The Greek economy shrank 5.2 percent in the third quarter, official figures showed on Tuesday, highlighting the depths of the crisis as parliament debates approval of a new government to enact a debt rescue.
Athens is racing against time to adopt deeply unpopular reforms demanded by its European and IMF creditors before the release of bailout loans needed to avert bankruptcy in mid-December.
Hoping to delay a default, the Greek debt management agency on Tuesday raised 1.3 billion euros ($1.78 billion) in a sale of three-month treasury bills.
The interest offered to investors rose to 4.63 percent from 4.61 percent in an equivalent sale in October, amid great eurozone bond market tension, but the greater blow to the economy came from the latest data on Greece’s recession.
The statistics agency said that in addition to the third-quarter contraction that was just short of an annual estimate of 5.5 percent, the recession was deeper in the first and second quarters than originally estimated.
In its darkest hour, Greece has turned to former European Central Bank deputy chief Lucas Papademos to save itself from ruin and a humiliating eurozone exit.
In his maiden speech to parliament on Monday at the start of a three-day confirmation procedure, Papademos said that reforms necessary to keep Greece in the euro would be achieved only through national unity.
“We can address the crisis faster and at a lower cost through national understanding and social cohesion,” the 64-year-old onetime central banker said.
“Every centimetre of national responsibility is equal to a metre of social and economic progress,” he told the chamber.
Greece needs to unblock a loan instalment of eight billion euros from an earlier EU-IMF rescue deal blocked since August, and ratify a follow-up eurozone package set up in October that offers to slash its huge debt by nearly a third.
The European Union, before releasing the delayed loan instalment, expects written pledges from the new government and its political allies that deficit reduction targets and a structural shake-up to improve competitiveness will be carried out.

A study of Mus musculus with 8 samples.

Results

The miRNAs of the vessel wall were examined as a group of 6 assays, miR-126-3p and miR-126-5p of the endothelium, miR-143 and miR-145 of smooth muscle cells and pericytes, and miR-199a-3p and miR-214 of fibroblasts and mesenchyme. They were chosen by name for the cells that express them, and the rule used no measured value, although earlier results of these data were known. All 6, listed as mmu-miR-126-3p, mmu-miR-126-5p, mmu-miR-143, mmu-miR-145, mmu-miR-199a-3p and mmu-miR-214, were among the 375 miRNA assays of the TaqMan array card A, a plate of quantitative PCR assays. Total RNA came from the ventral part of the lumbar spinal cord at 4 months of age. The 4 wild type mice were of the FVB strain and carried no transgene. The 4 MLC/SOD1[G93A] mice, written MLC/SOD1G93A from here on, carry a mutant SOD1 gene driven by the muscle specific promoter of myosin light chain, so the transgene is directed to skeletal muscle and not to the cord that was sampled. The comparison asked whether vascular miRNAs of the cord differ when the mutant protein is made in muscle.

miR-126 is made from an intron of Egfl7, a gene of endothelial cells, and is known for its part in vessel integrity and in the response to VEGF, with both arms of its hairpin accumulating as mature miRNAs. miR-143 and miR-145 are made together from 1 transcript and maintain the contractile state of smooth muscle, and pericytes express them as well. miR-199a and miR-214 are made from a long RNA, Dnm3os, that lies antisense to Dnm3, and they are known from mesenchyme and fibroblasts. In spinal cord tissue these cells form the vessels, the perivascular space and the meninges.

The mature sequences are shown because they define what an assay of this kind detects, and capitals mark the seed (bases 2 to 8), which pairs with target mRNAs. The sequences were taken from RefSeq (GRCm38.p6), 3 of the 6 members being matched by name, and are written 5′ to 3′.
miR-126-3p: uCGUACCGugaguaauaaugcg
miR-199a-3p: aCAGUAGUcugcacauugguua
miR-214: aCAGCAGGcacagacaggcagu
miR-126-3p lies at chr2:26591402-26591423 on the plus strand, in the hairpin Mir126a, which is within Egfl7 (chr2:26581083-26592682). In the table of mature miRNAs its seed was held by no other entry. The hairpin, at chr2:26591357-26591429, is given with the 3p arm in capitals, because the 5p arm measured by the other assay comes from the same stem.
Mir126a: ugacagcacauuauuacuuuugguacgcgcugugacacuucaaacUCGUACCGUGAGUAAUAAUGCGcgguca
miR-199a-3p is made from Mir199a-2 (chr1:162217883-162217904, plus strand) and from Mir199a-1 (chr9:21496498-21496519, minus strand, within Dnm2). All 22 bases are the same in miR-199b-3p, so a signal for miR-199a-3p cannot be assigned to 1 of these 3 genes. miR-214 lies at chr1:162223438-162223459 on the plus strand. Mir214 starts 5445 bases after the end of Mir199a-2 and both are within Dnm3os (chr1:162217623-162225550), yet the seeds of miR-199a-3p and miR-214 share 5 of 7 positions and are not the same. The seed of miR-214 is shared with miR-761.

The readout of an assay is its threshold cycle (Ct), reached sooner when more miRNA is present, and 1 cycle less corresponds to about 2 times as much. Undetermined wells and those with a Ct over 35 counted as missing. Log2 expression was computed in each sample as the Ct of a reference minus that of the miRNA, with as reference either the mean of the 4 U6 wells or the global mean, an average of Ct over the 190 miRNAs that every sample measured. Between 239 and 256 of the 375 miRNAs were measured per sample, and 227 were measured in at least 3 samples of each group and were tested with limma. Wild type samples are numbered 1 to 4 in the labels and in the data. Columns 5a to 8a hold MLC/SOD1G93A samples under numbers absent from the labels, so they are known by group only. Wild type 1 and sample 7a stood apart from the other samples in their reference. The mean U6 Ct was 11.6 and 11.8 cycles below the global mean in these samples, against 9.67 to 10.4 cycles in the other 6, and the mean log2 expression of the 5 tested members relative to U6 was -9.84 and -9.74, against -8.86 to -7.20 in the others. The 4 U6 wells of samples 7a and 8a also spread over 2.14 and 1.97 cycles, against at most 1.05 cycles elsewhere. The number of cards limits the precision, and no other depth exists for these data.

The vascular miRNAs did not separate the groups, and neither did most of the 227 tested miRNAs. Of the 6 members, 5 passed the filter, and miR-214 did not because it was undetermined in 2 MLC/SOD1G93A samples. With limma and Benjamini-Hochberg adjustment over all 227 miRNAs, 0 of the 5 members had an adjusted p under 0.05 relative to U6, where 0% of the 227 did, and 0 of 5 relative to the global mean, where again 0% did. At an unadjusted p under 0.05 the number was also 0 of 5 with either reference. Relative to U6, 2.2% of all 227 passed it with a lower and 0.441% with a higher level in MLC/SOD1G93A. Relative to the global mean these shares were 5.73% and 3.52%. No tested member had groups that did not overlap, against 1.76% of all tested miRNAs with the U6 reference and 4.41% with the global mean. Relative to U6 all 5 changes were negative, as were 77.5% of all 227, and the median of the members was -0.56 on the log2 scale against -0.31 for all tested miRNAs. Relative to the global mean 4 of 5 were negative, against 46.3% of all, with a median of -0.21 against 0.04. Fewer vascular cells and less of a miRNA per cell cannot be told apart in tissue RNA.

So far, one of the coalition partners, conservative leader Antonis Samaras, has strenuously objected to the EU’s request.
The incoming administration was welcomed by the public in opinion polls but unions and left-wing parties who boycotted the power-sharing talks are mobilising to stop the ongoing austerity drive.
Civil servants are staging a three-hour work stoppage on Tuesday and teachers will hold a two-hour walkout to protest against planned wage cuts coming on top of salary and pension reductions imposed last year.
“Our incomes have already been reduced by 50 percent,” the head of the civil servants union Adedy, Costas Tsikrikas, told Flash Radio.
Tsikrikas also warned that a parallel initiative to force 30,000 civil servants into early retirement was unconstitutional and would rob departments of expertise.
“The most experienced and able staffers are being forced out,” he said.
The transition government headed by Papademos, formed last week with the backing of the socialist, conservative and right-wing nationalist parties, must also hold early elections in a few months.
The confirmation procedure is scheduled to conclude on Wednesday with a confidence vote which the government is expected to win handily.
The three parties in the coalition can muster over 250 votes among them in the 300-seat chamber.
Representatives from the EU, European Central Bank and IMF are to visit Athens on Friday to assess whether conditions are ripe for the disbursement of the eight-billion-euro loan tranche.